Volunteers Race To Save 500 Pigs From Euthanasia After 'Hoarding' Rescue

The group leading the rescue effort expects the costs to spay, neuter, vet and transport the animals to exceed $100,000.

Rescue workers are scrambling to find homes for more than 400 pot-bellied pigs who were rescued from a Kentucky farm in late August, plus numerous piglets born since then. 

About 458 pigs were found malnourished on the farm in Falmouth, Kentucky, and potentially face euthanasia, according to the Pig Advocates League, a nonprofit dedicated to creating cruel-free lives for pigs. The animals were seized in a “hoarding” case after complaints of free-roaming pigs were reported to the Kentucky Department of Fish and Wildlife. 

A woman in Falmouth began with a few pigs years ago and ended up with hundreds of pigs after out-of-control breeding, PAL said in a Facebook post on Aug. 24. Kentucky Fish and Wildlife told HuffPost in a statement that pigs can reproduce at astonishing rates and if they’re not in a controlled environment can revert to a feral state within generations.

A spokeswoman for PAL told HuffPost this is “the largest miniature pig seizure we have seen in this country.” The nonprofit is working with volunteers, animal sanctuaries and veterinarians to spay, neuter and microchip the animals, as they need a clean bill of health before they can be re-homed.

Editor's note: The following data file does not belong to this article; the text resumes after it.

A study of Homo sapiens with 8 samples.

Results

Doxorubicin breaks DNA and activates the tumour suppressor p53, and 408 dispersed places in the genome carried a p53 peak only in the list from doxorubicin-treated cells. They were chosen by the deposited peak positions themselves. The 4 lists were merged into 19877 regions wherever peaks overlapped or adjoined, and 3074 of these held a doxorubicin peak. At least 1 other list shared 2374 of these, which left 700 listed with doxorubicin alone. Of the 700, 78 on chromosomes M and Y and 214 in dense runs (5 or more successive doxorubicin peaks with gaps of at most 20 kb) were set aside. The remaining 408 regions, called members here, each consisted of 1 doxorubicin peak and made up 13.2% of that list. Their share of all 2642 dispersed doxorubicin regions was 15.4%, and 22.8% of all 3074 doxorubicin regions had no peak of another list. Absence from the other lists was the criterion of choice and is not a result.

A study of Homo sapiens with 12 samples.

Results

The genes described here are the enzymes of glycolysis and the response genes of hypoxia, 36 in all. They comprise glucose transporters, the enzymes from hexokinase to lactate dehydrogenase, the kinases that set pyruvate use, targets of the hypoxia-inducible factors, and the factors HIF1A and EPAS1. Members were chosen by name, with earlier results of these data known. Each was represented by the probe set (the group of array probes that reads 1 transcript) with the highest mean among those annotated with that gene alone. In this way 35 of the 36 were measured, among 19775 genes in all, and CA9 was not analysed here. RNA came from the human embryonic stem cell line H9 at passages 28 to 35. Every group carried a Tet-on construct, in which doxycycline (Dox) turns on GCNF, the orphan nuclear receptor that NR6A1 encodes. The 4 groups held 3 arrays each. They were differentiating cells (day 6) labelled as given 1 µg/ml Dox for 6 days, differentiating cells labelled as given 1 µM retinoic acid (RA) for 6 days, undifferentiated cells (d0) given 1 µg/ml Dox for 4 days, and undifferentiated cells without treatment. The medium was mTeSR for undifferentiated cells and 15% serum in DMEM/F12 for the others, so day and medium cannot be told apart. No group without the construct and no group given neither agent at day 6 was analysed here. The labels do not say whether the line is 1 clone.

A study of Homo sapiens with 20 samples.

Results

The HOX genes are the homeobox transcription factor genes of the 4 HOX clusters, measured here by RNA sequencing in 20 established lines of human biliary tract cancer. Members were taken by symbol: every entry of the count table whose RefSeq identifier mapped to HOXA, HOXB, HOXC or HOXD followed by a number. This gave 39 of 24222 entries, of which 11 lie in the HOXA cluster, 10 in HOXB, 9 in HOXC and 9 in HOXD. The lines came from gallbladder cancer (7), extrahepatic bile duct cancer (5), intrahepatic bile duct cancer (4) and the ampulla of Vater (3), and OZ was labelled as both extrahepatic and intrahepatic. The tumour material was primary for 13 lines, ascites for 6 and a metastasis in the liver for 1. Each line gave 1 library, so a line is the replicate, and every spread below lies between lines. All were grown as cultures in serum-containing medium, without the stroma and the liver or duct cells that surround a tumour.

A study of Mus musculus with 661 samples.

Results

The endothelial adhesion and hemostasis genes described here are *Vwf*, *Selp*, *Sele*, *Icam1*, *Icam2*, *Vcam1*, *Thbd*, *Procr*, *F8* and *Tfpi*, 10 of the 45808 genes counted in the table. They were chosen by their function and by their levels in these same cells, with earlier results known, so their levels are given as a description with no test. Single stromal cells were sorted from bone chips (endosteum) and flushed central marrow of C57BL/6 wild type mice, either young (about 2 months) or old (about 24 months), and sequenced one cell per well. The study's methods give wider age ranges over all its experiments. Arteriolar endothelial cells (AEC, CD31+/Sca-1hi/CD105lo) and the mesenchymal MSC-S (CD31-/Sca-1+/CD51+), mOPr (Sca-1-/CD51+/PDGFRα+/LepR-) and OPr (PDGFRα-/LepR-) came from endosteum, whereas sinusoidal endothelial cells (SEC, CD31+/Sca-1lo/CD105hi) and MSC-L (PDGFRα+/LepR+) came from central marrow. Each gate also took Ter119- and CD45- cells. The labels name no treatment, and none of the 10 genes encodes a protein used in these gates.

“The most [urgent] needs now are transports and donations,” the nonprofit told HuffPost in an email. “Many piglets have been born since the initial seizure and the total number of pigs is now north of 500. The cost to spay, neuter, vet, and transport to a new home will well exceed $100,000.” 

Although pot-bellied pigs are often referred to as “miniature pigs,” one of the rescuers, Josh Carpenter Costner, told the Louisville Courier Journal they range from 80 to 150 pounds as adults.

The Kentucky Department of Fish and Wildlife originally gave the volunteers a Sept. 14 deadline before it would begin to euthanize the animals, PAL had originally said. But since then, it told HuffPost, the department has agreed to extend its deadline so long as volunteers show “continual progress” on moving the pigs. 

“Since Monday, we have received over 1200 adoption applications,” the nonprofit said in an email. “Each application is being thoroughly screened to ensure these animals will not be going from a bad spot to worse.” 

Each application to adopt the pet pigs will be vetted to ensure the animals do not get into the hands of breeders or owners who raise pigs for slaughter. One of the animal sanctuaries working to care for the pigs, the Cotton Branch Farm Animal Sanctuary, said the adoption applications were carefully crafted to ensure the animal’s safety. 

“We really are confident now and feeling a lot better about the progress we’re making and about the possibility of really saving of all of these guys,” the sanctuary said in a video update on Facebook.